Bloom like this waits for spring.

Flowering dogwood, Cornus florida has something in common with Poinsettia. The most colorful component of their bloom is not floral, but is instead foliar. What appears to be petals are colorful leaves known as bracts. Exactly four bracts surround each small cluster of tiny and unimpressive pale green real flowers. These bracts are most popularly white, but can be pink or rarely brick red.

The deciduous trees are bare now, but bloom spectacularly in early spring. Any necessary pruning should happen after bloom, and preferable after new foliage matures somewhat. Floral buds for next year are already prominent on the tips of bare twigs. Dormant pruning would eliminate some of the buds prior to bloom. For now, only minor grooming of unbudded interior growth is practical.

Mature flowering dogwood trees can be twenty feet tall, but typically stay lower. As understory trees, they prefer a bit of shelter from larger trees. Foliage can scorch if too exposed. Some cultivars have variegated foliage. All can develop vibrant orange and red foliar color for autumn, even with minimal chill. Floral debris resembles fallen leaves that fall just as new and real foliage develops.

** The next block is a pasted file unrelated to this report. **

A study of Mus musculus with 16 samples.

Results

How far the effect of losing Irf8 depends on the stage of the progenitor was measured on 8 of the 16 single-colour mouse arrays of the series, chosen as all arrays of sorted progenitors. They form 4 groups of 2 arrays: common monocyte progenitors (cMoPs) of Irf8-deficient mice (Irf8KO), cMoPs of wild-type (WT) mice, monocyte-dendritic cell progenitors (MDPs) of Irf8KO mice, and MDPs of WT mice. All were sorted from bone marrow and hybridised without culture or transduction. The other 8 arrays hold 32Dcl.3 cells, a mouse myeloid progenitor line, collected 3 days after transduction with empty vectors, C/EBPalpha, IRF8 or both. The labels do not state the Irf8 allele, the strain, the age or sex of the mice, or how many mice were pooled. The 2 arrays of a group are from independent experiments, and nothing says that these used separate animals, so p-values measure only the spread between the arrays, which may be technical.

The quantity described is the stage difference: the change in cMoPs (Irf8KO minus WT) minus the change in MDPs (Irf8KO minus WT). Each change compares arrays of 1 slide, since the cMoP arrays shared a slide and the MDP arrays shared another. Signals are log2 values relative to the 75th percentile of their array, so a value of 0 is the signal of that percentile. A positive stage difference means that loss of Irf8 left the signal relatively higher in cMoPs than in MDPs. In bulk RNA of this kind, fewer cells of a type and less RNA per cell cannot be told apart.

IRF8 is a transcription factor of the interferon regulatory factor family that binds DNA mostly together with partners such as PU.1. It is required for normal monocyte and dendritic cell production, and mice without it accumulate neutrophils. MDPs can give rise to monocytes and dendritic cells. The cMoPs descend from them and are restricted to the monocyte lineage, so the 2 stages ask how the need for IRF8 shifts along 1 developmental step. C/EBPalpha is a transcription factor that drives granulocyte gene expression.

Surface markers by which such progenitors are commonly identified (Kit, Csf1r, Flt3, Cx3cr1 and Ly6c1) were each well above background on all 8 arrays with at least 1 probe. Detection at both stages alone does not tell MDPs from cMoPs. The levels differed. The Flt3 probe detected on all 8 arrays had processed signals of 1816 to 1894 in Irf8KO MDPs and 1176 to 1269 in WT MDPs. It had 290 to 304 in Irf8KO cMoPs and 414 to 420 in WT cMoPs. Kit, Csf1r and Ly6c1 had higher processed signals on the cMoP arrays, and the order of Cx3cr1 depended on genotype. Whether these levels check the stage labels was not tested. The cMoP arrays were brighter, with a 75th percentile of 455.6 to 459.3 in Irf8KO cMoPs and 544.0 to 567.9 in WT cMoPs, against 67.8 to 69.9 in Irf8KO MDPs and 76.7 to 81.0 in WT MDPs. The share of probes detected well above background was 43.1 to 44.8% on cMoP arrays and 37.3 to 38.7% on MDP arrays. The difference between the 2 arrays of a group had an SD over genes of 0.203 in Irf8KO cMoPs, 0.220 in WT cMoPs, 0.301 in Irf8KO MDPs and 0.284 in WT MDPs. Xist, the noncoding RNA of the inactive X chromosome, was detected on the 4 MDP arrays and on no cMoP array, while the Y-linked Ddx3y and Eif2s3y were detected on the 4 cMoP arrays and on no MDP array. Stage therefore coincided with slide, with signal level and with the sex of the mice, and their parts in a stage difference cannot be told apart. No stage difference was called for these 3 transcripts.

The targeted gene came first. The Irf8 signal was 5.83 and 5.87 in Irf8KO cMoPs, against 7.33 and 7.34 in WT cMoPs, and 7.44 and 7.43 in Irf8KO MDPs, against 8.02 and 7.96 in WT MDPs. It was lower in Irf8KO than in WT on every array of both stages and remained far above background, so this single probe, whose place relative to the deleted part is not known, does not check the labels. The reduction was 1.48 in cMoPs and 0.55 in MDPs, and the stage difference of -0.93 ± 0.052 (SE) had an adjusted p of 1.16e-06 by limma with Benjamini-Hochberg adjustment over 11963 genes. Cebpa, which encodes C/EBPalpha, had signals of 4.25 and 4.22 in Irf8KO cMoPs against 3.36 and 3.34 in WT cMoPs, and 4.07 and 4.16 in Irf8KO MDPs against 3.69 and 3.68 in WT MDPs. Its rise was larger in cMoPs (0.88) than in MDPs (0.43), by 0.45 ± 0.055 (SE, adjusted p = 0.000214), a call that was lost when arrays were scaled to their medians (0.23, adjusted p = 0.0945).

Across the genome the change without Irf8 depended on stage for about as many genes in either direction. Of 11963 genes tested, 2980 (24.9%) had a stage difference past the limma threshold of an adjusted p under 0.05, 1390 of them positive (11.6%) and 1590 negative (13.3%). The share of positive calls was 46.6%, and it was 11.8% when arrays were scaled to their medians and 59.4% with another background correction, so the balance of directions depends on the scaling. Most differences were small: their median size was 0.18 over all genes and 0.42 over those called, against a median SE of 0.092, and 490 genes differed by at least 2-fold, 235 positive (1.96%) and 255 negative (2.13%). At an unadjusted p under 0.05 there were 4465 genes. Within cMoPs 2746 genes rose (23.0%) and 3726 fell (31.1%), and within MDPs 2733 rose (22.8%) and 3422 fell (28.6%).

5 thoughts on “Flowering Dogwood

    1. That was one of the few species there that I did not bring back! I found neither seed, nor small seedlings that I could pull up. There were a few saplings, but they were too deeply rooted to be dug. I sort of did not want to bring any back though, because they are not happy here. I grew garden varieties on the farm, but rarely saw them looking good out in the real world. There are several that are happy here (where I work), but this is an isolated situation that is not chaparral.